Diocesan press releases

Changing lives for the better as chosen charities benefit from Lent Appeal

Archbishop John has presented Lent Appeal cheques to this year’s chosen charities at a service at Brecon Cathedral this afternoon.

The Bishop’s Lent Appeal has raised more than £100,000 for good causes since its launch and this year’s charities are:

USPG, which was commended by Sue King, our Diocesan Rep;

Faith in Families, committed to by the Bishop;

Nordoff Robbins, commended by Canon Alison Jones;

Jeel al-Amal Orphanage, Bethany, commended by Fr Nigel Doyle.

Faith in Families is one of the most impressive ways in which the diocese has developed its outreach into disadvantaged families and communities in our area.

The Diocesan Board for Social Responsibility is involved in highlighting issues of social concern within the diocese, but, as Faith in Families, it is probably best known for running its projects on behalf of the diocese.

Its family centres, outreach projects and affordable – in some cases free – childcare settings strive to be able to fully provide the much-needed children and family support facilities in one-stop centres, easily accessible within local communities.

The St Teilo’s Cwtch community centre and church in the heart of Portmead is now a flagship example of what can be achieved. It provides a family centre, open to all ages, where a range of activities take place including parent and toddler sessions, high scope play group, healthy family lunch, after school club, holiday play scheme, adult courses, breakfast club and sessions for young people over 10 years of age, to learn new skills and develop friendships whilst having a great time together.

Jeel al-Amal Boys orphanage home and co-educational school is in the village of Bethany. A visit was included in the programme for 40 pilgrims from Swansea and Gower when they visited the Holy Land in October last year. Pilgrims were moved and impressed by what they witnessed through the work of the centre.

The home provides a home for around 72 Palestinian boys (Christian and Muslim) most of whom have deep mental scars by what they have witnessed and endured before being welcomed into the home.

The current priority for the school is that they should be properly equipped to manage the boys who come into their care and present with the most difficulties. One of the best ways of helping with this will be being able to provide the right environment; giving them a homely atmosphere at the school’s living accommodation in order to help the boys to feel safe and secure.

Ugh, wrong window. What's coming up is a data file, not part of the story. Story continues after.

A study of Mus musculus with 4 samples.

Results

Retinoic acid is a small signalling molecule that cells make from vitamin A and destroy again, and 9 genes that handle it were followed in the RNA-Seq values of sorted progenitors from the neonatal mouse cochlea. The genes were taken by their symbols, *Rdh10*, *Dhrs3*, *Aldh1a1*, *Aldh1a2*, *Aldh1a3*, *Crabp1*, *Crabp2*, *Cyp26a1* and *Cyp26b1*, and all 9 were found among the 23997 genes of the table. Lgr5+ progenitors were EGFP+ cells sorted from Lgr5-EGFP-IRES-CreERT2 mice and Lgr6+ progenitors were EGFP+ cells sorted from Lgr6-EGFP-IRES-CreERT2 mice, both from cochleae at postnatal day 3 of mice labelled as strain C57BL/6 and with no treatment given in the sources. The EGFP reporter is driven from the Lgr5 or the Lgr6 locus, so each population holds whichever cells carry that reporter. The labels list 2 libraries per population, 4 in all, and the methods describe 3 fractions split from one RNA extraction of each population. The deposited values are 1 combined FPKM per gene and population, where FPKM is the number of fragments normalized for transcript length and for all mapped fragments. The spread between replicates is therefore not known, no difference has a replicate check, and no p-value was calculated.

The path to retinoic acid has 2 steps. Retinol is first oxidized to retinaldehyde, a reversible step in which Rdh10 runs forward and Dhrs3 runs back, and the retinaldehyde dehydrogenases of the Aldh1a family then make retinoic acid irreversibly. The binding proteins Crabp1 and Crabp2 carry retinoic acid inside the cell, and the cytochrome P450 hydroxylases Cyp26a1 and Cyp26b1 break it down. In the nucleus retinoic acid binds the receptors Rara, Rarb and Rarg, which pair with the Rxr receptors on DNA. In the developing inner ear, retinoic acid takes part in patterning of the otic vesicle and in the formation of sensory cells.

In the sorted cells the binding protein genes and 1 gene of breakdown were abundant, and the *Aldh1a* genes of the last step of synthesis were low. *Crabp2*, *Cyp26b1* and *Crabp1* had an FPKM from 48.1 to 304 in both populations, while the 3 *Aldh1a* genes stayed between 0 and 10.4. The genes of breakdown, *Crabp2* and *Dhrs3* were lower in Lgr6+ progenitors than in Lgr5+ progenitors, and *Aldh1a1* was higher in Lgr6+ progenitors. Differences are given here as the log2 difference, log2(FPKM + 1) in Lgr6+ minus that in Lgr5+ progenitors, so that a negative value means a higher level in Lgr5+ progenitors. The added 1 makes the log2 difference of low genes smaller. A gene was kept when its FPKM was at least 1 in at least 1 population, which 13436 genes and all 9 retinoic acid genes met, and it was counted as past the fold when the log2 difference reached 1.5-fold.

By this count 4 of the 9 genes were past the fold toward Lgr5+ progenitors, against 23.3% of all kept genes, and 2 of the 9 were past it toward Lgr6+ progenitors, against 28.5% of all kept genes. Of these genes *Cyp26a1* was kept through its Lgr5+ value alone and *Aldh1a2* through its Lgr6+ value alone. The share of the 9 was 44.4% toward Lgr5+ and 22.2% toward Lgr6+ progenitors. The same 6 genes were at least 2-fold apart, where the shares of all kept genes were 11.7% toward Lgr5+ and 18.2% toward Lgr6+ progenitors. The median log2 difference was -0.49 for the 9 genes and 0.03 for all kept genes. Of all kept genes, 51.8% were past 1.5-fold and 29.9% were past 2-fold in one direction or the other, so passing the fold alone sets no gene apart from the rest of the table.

Nordoff Robbins is the UK’s leading independent music therapy charity, working across the country offering vital support through its dedicated open access centres and alongside over 150 partner organisations.

Music therapy can help a child with autism to communicate, reduce anxiety for a person living with dementia or provide comfort for someone facing a terminal illness.

In 2017 it  reached more people in more places than ever before, delivering music therapy to 7,916 vulnerable and isolated people, with 29,725 music therapy sessions.

Canon Alison Jones said: “In the Parish of Townhill, they have a music therapist who hires our church hall once a week and works with autistic children and stroke victims among others.

“The music therapist who works in Townhill is a really good community resource for such an area. She has brought real fun and laughter to our Seniors group as well as the individuals she helps and the school SDF unit. She can only do that because we offer her reduced hall hire. A bit of extra help might mean the charity could work in other parts of Wales as well.”

United Society Partners in the Gospel was founded in 1701, and is the Anglican mission agency that partners churches and communities worldwide in God’s mission to enliven faith, strengthen relationships, unlock potential and champion justice.

Environmental degradation. Turbulent global politics. Gender injustice. The desperate flight of migrants. Forced displacement of people at record levels. USPG believes today’s major challenges cry out for words and actions that express a love and solidarity that goes beyond narrow self-interest and national boundaries.

It believes the churches of the Anglican Communion are called urgently in mission to be communities of resistance and hope, witness to the healing power of Christ’s love. So, USPG invites us to journey together with it in rethinking mission, energising church and community and championing justice, which are its three strategic aims:

Rethinking Mission: We bring people together from different parts of the global church in mutually enriching conversation and profound encounters, to increase understanding and deepen our discipleship as inter-cultural Christians.

Energising Church and community: We make connections between the dioceses and communities of the Churches of Britain and Ireland and those overseas and we seek ways in which faith and action can go hand-in-hand. We look to strengthen the unity and capacity of the Anglican church by promoting education and leadership and by learning from each other in rich exchange.